Using Economic Data to Predict the Market? It’s a Waste of Time

More than 40 years ago, if you had made a list of the most influential investors in America, Peter Lynch would have been near the top. From 1977 to 1990 he ran Fidelity’s Magellan Fund, and during this span compounded capital at a rate of more than 29%.1 He achieved this feat by managing to choose stocks for his fund that turned out to outpace the market as a whole.

Lynch had three things going for him. He ran the fund during an era characterized by tremendous growth (including two significant corrections). He knew that analyzing big economic trends would not enable him to predict what the market would do in the future. And he had the good sense to step down from his role as fund manager while he was still on top.

Lynch had a famous quote about that second item: “If you spend 13 minutes a year on economics, you’ve wasted 10 minutes.”

You might think the opposite of Mr. Lynch’s quote would be true. After all, if you carefully study mountains of data in the leading economic indicators, and note how the market responds each time, when you see those same conditions recur, you can be pretty sure what the market will do. Right?

Unfortunately, this premise sounds so true. And that’s what lures so many investors into the belief that they will somehow “crack the code” and be successful at timing the market.

A stock analyst who writes about the market under the penname Courage & Conviction recently looked at how wrong the big name forecasters have been about the market over the past two years. In 2022 the median forecast for the S&P 500 was for a gain of 7.5%. It dropped by more than 19%. Stung by that (recency bias), for 2023 the forecasters predicted modest to no growth. The index gained more than 24%.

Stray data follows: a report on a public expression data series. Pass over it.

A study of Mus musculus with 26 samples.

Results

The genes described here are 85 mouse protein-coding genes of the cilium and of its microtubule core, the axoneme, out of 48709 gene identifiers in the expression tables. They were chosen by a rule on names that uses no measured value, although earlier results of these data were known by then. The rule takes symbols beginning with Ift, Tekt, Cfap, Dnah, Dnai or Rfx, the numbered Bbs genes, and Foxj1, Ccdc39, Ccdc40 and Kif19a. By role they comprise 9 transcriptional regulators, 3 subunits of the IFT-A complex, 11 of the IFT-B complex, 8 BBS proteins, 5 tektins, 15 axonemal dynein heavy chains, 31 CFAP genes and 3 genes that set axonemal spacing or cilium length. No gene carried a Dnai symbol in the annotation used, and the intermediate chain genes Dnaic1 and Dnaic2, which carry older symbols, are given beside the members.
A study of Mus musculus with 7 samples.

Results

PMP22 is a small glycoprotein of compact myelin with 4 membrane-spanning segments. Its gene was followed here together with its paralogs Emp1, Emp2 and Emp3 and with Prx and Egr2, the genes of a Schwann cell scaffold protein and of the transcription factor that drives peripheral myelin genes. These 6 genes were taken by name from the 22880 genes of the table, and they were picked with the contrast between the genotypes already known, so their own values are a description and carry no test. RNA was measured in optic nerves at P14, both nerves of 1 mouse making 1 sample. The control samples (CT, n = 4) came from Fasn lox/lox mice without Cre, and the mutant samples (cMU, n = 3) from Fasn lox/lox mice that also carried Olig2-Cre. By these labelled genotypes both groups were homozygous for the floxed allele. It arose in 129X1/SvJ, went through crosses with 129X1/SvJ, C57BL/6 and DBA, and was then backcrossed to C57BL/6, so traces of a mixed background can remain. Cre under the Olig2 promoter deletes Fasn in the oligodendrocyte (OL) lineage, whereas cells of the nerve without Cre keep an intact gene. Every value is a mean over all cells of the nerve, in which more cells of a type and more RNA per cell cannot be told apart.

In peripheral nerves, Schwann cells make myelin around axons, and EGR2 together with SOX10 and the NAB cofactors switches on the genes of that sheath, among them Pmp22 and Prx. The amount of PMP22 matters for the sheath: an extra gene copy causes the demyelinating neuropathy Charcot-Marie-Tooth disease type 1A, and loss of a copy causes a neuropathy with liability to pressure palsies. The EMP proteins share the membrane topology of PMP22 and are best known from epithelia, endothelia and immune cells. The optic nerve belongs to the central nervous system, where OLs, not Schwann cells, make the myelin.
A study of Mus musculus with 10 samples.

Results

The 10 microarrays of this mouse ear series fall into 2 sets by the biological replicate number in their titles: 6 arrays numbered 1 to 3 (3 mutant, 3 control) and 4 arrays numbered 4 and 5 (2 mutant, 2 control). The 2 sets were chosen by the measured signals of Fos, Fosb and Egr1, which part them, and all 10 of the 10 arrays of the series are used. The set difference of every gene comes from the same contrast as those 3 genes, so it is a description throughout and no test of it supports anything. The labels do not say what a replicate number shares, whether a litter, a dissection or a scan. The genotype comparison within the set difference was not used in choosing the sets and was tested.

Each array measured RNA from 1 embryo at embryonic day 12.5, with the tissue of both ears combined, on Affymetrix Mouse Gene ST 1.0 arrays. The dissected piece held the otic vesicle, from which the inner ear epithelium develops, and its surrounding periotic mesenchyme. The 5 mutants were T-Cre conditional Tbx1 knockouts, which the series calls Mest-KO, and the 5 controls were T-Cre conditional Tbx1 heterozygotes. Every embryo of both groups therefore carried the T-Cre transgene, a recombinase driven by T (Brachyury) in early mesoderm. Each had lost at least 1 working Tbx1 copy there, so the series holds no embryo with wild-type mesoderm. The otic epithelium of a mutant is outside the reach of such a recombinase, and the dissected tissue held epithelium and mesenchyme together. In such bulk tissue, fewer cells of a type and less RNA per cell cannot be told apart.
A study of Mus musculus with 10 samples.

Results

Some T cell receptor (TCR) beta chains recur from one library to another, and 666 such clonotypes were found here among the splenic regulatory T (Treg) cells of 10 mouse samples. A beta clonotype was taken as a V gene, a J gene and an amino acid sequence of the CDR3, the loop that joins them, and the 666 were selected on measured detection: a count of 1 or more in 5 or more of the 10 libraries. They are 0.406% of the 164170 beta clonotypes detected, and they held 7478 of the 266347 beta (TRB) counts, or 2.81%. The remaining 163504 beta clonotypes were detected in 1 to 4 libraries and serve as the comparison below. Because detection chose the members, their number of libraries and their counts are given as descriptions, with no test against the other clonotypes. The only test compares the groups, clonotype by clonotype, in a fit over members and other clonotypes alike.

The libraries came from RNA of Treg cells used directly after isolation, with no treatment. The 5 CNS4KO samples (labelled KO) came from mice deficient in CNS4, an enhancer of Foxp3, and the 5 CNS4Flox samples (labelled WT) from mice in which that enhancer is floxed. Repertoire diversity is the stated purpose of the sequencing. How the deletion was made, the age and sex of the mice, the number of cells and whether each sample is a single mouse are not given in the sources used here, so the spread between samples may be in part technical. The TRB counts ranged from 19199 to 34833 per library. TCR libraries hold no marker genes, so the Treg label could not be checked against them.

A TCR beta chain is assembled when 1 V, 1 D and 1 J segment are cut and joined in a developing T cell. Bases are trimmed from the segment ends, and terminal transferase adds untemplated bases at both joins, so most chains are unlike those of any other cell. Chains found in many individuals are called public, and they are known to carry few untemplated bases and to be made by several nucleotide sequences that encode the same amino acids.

Our anonymous analyst writes, “If highly paid Wall Street economists can’t really, at least certainly not on a consistent basis, predict the broader stock market, then why do individual investors pretend that they can?”

Courage & Conviction adds that most of these experts have PhDs from leading schools, high IQs, and access to the best information available.

However, you don’t need a crystal ball to succeed in investing. Empirical evidence has shown that over longer time periods, the U.S. stock market has been an exceptional place to compound investors’ savings and outpace inflation.

Knowing this, the prudent investor will have a long-term view when saving for retirement. This means accepting short-term volatility as a normal aspect of participating in the market. And he or she will work with a trusted advisor who can create a plan for their specific timeline and financial situation, helping to keep them on track when short-term concerns arise.